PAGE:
A Garmin Ltd. (GRMN) spokesperson announced that the company had selected a carrier for the nuvifone G6, its new smartphone. Although the name of the carrier was not announced, rumor has it that it could be AT&T (T), the second-largest player in the U.S. The product will be manufactured by Taiwanese PC manufacturer Asustuk.

Garmin expects the product to generate $100-200 million in revenue this year, which would add an incremental 4% to the top line. This means that Garmin would still be short of the one million unit mark this year. Although the company’s small size and vulnerability in the intensely competitive market could delay initial customer response, Asus is geared to crossing the million unit threshold in 2010.

We believe that the success of the product could be tempered by AT&T’s commitment to Apple’s (AAPL) iPhone, for which it has exclusive distribution rights in the U.S.

Competition and market dynamics have been slowing down Garmin’s growth in the last two years. The company is one of the largest players in the personal navigation device (PND) market.

Management expected the PND market to gradually give way to GPS-enabled smartphones, as consumers continue to show a preference for an all-in-one device. The company decided to develop its own smartphones to protect the significant market share it has captured over the past few years.

Everything would have gone smoothly if the recession had not hit the economy so severely. As it happened, the automotive market (its largest segment) was severely impacted. Additionally, the company was forced to enter into relationships with recession-hit carriers that continue to show significant apathy to increased spending.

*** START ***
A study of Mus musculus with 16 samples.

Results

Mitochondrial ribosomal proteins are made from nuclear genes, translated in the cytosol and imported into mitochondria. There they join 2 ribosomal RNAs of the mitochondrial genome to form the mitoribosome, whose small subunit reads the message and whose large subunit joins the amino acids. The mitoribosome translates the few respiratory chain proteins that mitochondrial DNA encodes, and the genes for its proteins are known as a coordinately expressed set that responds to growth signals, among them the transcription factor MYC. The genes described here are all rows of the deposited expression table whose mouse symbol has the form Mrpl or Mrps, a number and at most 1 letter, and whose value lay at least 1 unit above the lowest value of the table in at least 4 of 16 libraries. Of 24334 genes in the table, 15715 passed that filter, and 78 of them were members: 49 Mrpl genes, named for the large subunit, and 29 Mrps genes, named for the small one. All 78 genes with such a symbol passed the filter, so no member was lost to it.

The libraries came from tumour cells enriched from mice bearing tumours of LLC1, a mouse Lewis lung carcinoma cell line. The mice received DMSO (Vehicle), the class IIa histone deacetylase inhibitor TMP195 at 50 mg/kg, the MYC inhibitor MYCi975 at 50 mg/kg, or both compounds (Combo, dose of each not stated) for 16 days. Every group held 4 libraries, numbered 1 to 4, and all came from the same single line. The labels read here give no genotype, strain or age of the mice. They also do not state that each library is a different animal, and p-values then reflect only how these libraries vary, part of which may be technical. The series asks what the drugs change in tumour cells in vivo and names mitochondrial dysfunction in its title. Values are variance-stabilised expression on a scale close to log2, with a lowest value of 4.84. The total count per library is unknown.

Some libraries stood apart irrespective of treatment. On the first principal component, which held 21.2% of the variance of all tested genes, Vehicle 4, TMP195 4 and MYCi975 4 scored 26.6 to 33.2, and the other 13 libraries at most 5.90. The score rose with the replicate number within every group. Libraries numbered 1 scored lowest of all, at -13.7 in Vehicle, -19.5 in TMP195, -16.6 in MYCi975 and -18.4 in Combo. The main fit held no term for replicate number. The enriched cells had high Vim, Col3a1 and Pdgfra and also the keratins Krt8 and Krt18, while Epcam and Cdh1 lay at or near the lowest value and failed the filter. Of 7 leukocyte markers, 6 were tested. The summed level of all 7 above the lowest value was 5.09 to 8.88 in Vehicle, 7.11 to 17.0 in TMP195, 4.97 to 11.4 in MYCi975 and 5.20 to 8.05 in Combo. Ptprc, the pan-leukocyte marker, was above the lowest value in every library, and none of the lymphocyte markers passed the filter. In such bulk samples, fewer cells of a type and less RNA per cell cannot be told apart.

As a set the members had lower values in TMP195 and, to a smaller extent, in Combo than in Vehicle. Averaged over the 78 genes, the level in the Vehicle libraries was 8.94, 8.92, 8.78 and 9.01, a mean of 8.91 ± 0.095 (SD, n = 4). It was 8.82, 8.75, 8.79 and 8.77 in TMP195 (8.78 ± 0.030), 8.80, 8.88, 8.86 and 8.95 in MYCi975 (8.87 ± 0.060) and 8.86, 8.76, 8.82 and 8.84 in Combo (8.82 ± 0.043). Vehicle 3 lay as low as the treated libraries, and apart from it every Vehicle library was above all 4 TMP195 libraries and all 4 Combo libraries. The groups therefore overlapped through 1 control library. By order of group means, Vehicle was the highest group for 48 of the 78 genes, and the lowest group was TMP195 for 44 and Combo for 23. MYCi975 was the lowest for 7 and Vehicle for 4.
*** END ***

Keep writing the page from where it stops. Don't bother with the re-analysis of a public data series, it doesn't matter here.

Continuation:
The nuvifone has had a stumbling start in the fiercely competitive Taiwanese market. After repeated postponement, the device finally started shipping, side by side with smart phones from Nokia (NOK), Research In Motion (RIMM), Apple and HTC.

Garmin’s phone does not look less attractive, and has a host of features — including a PND with on-board maps and premium points of interest; UMTS, HSPDA and Wi-Fi data connectivity; a premium mobile web browser; a local search portal that seamlessly integrates navigation functions; SMS; instant messaging and e-mailing; a camera with automatic location tagging and picture navigation; and multimedia features such as a video recorder, MPEG 4 video player and MP3.

We remain positive about the company’s prospects, given that the market for GPS-enabled smart phones is expected to reach 77 million units in 2009 (according to Strategy Analytics). We believe that Garmin needs a very small share of that market to generate significant growth over the next few years.